Influencer marketing is on the rise, and the major platforms are taking notice and moving to facilitate better influencer systems. Facebook for example, recently announced some new tools to make it easier for brands to collaborate on influencer campaigns, while Instagram added similar, providing increased transparency and tracking capacity.
And now, both Snapchat and Amazon are moving to up their influencer marketing credentials - the former through the expansion of their verification program, and the latter by opening up their influencer option to more social stars.
Official Stories Expansion on Snapchat
First up, on Snapchat - as reported by Digiday, Snapchat's expanding its 'Official Stories', which have long been reserved for big name celebrities, to platform influencers.
Snapchat has had something of a troubled history with platform influencers, preferring to have them use the app like everyday users in order to maintain the community element. That stance has reportedly lead many influencers to focus their attention elsewhere, like Instagram, though Snapchat has more recently made moves to make their platform more welcoming for high profile users, including the addition of links in Snaps.
To be clear, Snapchat's provided Official Stories to certain platform influencers for some time, but they do appear to be ramping up their efforts - which makes sense, given Snap Inc.'s latest performance report, which failed to deliver on market expectations.
For those that qualify for Official Stories, the benefits include an emoji symbol of the users' choice displayed on their profile, the ability to connect with the user's profile directly through Live Stories, a custom filter for special occasions and, most importantly, improved discoverability in search results.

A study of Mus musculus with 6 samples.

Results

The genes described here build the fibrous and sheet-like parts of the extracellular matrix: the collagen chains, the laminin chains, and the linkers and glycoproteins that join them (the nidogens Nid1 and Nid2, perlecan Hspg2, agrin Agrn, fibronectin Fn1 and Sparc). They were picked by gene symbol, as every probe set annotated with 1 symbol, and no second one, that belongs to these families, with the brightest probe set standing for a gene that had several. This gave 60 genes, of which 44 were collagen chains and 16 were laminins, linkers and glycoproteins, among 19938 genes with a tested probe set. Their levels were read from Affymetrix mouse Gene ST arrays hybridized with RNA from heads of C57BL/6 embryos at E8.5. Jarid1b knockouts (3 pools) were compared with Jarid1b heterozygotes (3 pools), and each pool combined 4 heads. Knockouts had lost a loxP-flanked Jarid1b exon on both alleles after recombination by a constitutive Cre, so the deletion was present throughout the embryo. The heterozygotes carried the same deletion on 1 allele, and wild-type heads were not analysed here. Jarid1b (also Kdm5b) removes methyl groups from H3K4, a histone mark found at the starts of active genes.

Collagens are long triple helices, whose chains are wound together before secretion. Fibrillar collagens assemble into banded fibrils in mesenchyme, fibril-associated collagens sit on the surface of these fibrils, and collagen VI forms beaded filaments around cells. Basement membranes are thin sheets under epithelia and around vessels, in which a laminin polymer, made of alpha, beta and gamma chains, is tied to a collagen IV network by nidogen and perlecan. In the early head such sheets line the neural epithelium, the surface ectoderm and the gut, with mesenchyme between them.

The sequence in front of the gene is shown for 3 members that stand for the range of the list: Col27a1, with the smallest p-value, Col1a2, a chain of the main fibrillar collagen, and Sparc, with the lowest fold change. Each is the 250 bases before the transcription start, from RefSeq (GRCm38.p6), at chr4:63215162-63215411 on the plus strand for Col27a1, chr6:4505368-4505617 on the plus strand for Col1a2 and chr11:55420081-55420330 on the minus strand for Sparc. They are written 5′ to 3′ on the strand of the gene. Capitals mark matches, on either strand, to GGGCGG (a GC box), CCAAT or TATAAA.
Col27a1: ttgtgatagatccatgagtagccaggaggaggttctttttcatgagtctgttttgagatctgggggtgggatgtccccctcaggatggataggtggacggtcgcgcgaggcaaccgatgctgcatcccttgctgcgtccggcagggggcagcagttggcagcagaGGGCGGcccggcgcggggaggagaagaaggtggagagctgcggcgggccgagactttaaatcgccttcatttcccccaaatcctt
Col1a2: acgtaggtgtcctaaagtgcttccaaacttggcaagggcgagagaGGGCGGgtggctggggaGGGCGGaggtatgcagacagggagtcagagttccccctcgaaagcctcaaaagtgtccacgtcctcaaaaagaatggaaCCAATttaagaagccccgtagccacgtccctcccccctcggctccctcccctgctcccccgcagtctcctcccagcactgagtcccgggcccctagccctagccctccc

Discoverability has long been a key issue on Snapchat, so anything that can better facilitate this is a bonus, and it's interesting to see that Snapchat's moving to expand this and better utilize the high-quality content that's being posted to their platform, moving a little further away from their 'Snapchat is for friends' ethos.
Will that degrade the Snapchat experience, or enhance it? It's hard to say, but clearly, based on the numbers, they need to do something.
At the same time, Amazon's looking to up its influencer marketing game by opening up its Amazon Influencer Program to YouTube stars.
As reported by TechCrunch:
"Today's influencers regularly promote products they like in their online postings, including YouTube videos - often either as part of a brand relationship or as a means of generating income through affiliate sales. Amazon wants to now insert itself more directly into that action."
The expansion's in line with Amazon's wider efforts to branch into both social media and messaging, and could be further broadened in the near future to also add in influencers from other social platforms.
Amazon's moves into the social space are particularly interesting, given the company's established footprint in eCommerce, and ability to convert that into more concrete, direct revenue opportunities in such applications. Facebook, in particular, has clearly taken note - since Amazon announced their Spark social network last month, Facebook has made a range of smaller eCommerce-related updates in order to hasten their activity in the space, and ensure Amazon doesn't gain too much traction.
Among those updates, they've:
- Widened the roll out of Product Tags in Page posts, enabling more businesses to directly promote products
- Added new direct payment options in Facebook and Messenger
- Added eBay 'Daily Deals' into Marketplace.
With Amazon now also moving to up their appeal to influencers, Facebook, and other platforms, may need to assess their models and move to sweeten their influencer deals in order to slow Amazon's growth in affiliate dealings.
As noted, influencer marketing is clearly on the rise, with more and more brands realizing the opportunities of utilizing those who already have reach to their target audiences, as opposed to trying to push their messaging through their own channels alone. Given the rising restrictions of the various feed algorithms, the shift makes perfect sense, and as more brands do so, the systems and tools to enable such promotion will become more refined, which opens up various opportunities for the platforms, and individual influencers, to capitalize.
And that also means brands will have more opportunity to tap into influencer reach - even if you're not using influencer marketing now, it's worth noting the shifts and evolution of the space, as it's likely to become increasingly relevant in future.